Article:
By Kathleen O’Toole
As principal of a K-12 public classical school, I learned quickly that teachers and students have something important in common: they hate to be talked down to. Sadly, that’s not the case in much of K-12 education today.
I have reviewed history and civics curriculums for dozens of schools. It’s becoming increasingly clear that the standard American history curriculum offered and promoted in many of our public schools remains rife with political messages. As a result of this type of miseducation, students are being deprived of the opportunity to genuinely, truly learn.
An honest curriculum shows students all the tragedies and triumphs of American history – an unabashed, candid look at the fullness of our history – rather than cherry-picking events without context in order to fight contemporary political battles.
A sound understanding of U.S. history must be firmly grounded as an educational endeavor, not a political project. To bring history to life, to teach it honestly, we must stop feeding teachers a script authored by journalists or activists who use curricula as tools for forwarding a specific political narrative. Such authors have already made up their minds about difficult questions and manipulate our history and our students for their own ends.
Instead, teachers should have the tools and resources they need – written and supported by historians – to lead students into a thorough investigation of the historical evidence. Teachers should teach students how to think, not what to think.
The complete story of America’s past must be fully laid out for teachers, students, and parents. We should take our cue from the introduction of King George III’s offenses in the Declaration of Independence and “let facts be submitted to a candid world.”
Granted, it can be hard for many students, and all of us, to remember that when they gaze upon statutes of famous figures like Thomas Jefferson, Abraham Lincoln, and George Washington, these were real people. The men and women of the past have their flaws just like you and I. Any honest examination of their actions and lives requires a balance of modesty and boldness. Whenever we seek to understand anything complicated, we must not only have the courage to ask the big questions but also the humility to learn from those who came before us – to try to understand them as they understood themselves.
Case in point: Jefferson wrote that “all men are created equal,” but he was himself a slaveholder. It’s a puzzle worthy of serious consideration. Jefferson is the author of the most important theoretical document in our nation’s history, and to “cancel” it (or him) has serious implications for our understanding of ourselves. An honest study of this paradox requires a careful look at what Jefferson wrote on the subject of slavery, thinking about the circumstances in which he lived, and coming to a conclusion only after making a sober judgment based on the evidence.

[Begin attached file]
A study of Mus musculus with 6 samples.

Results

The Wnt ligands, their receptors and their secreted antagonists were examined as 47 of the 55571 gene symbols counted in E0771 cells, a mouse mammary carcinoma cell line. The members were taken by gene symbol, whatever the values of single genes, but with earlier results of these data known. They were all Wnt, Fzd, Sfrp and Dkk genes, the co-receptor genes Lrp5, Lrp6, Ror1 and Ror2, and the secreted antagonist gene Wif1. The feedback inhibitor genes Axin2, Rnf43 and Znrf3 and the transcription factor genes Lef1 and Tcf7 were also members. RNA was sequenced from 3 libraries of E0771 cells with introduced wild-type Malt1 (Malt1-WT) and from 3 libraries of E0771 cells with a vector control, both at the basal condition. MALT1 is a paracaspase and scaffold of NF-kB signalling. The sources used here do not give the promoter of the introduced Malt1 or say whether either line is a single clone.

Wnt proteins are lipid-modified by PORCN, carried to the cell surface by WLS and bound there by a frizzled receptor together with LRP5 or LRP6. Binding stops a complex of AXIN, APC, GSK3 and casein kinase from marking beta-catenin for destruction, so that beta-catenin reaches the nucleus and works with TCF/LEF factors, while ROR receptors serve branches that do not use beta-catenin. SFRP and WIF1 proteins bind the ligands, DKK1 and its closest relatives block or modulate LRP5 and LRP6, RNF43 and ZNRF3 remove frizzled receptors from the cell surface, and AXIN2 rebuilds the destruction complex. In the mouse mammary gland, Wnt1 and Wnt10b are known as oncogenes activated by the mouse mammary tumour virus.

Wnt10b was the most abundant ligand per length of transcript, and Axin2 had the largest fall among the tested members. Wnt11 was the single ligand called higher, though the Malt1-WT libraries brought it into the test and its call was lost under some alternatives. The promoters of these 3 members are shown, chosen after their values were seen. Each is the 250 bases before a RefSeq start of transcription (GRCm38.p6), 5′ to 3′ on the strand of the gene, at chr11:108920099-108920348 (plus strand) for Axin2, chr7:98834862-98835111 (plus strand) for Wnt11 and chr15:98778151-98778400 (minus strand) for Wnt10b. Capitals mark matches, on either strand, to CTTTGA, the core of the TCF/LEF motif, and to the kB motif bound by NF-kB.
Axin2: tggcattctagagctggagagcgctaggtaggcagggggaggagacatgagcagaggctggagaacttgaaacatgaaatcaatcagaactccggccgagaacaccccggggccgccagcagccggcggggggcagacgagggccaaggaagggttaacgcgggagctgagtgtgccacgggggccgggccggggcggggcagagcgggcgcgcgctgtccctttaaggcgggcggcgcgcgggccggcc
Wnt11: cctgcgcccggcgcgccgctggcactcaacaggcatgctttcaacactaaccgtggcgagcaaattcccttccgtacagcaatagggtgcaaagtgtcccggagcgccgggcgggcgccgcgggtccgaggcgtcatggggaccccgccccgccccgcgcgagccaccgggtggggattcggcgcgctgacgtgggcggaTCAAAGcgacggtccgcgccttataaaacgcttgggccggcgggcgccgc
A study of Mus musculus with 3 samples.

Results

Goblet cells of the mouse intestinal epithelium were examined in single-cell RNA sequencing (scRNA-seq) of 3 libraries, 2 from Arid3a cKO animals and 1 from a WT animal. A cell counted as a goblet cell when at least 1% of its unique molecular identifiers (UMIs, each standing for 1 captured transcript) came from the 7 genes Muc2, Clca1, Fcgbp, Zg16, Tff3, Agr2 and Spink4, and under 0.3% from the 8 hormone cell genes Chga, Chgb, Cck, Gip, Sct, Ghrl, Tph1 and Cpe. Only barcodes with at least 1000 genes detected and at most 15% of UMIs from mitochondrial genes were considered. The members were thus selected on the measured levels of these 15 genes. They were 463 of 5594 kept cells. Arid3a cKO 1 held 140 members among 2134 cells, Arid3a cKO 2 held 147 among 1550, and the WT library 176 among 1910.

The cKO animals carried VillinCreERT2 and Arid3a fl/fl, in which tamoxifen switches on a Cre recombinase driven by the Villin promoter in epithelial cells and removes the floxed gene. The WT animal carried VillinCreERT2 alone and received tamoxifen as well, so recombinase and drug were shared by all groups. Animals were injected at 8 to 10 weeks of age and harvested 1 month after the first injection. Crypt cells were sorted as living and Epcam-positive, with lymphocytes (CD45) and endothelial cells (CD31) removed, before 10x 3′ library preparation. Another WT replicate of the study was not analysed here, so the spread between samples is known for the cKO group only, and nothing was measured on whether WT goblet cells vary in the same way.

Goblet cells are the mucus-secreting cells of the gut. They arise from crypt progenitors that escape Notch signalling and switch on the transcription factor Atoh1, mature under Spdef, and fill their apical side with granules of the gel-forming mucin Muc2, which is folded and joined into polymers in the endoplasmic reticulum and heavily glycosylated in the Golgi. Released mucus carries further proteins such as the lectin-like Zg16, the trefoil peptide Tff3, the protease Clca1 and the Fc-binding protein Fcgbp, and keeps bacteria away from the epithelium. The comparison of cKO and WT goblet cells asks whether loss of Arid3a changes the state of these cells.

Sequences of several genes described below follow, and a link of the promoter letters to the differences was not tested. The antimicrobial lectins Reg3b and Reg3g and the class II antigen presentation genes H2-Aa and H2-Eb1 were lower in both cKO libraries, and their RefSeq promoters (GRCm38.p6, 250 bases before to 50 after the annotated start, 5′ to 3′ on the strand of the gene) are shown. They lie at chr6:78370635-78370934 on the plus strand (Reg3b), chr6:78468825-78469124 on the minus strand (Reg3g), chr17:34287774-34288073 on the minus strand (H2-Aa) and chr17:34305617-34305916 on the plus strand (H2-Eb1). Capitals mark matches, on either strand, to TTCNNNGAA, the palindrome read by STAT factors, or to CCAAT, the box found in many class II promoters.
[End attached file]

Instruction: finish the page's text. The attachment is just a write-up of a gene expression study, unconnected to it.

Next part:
At the moment, too many of us have become unwilling to do that, not only in the case of Jefferson but other moments in our history and even the American founding itself. We see a crime in the past, and without further thought, we dismiss the perpetrator and proceed to congratulate ourselves for our moral superiority.
Students and teachers are capable of more, and they deserve better. Instead of dealing in all-or-nothing statements, such as declaring our predecessors irredeemable sinners or flawless saints, we can trust young people to come up with honest judgments and engage with complicated historical events if they’re given the tools to examine the evidence for themselves.
Imagine a classroom where primary source documents, well-researched and engaging textbooks, and educated and talented teachers lead students through the whole story of American history, including its tragedies and triumphs. Imagine asking big questions of students, giving them practice in thinking through complicated questions for themselves. That’s the kind of thing that happens every day in classical schools across the country, and it can be adapted to any curriculum at any school. Most importantly, it’s the kind of education and classroom experience that every American teacher and student deserves.
We can – and must – ask for more from our schools and from the history curriculums our children experience. Teachers and students will be happier when we do.
Originally published by RealClearPublicAffairs. Republished with permission.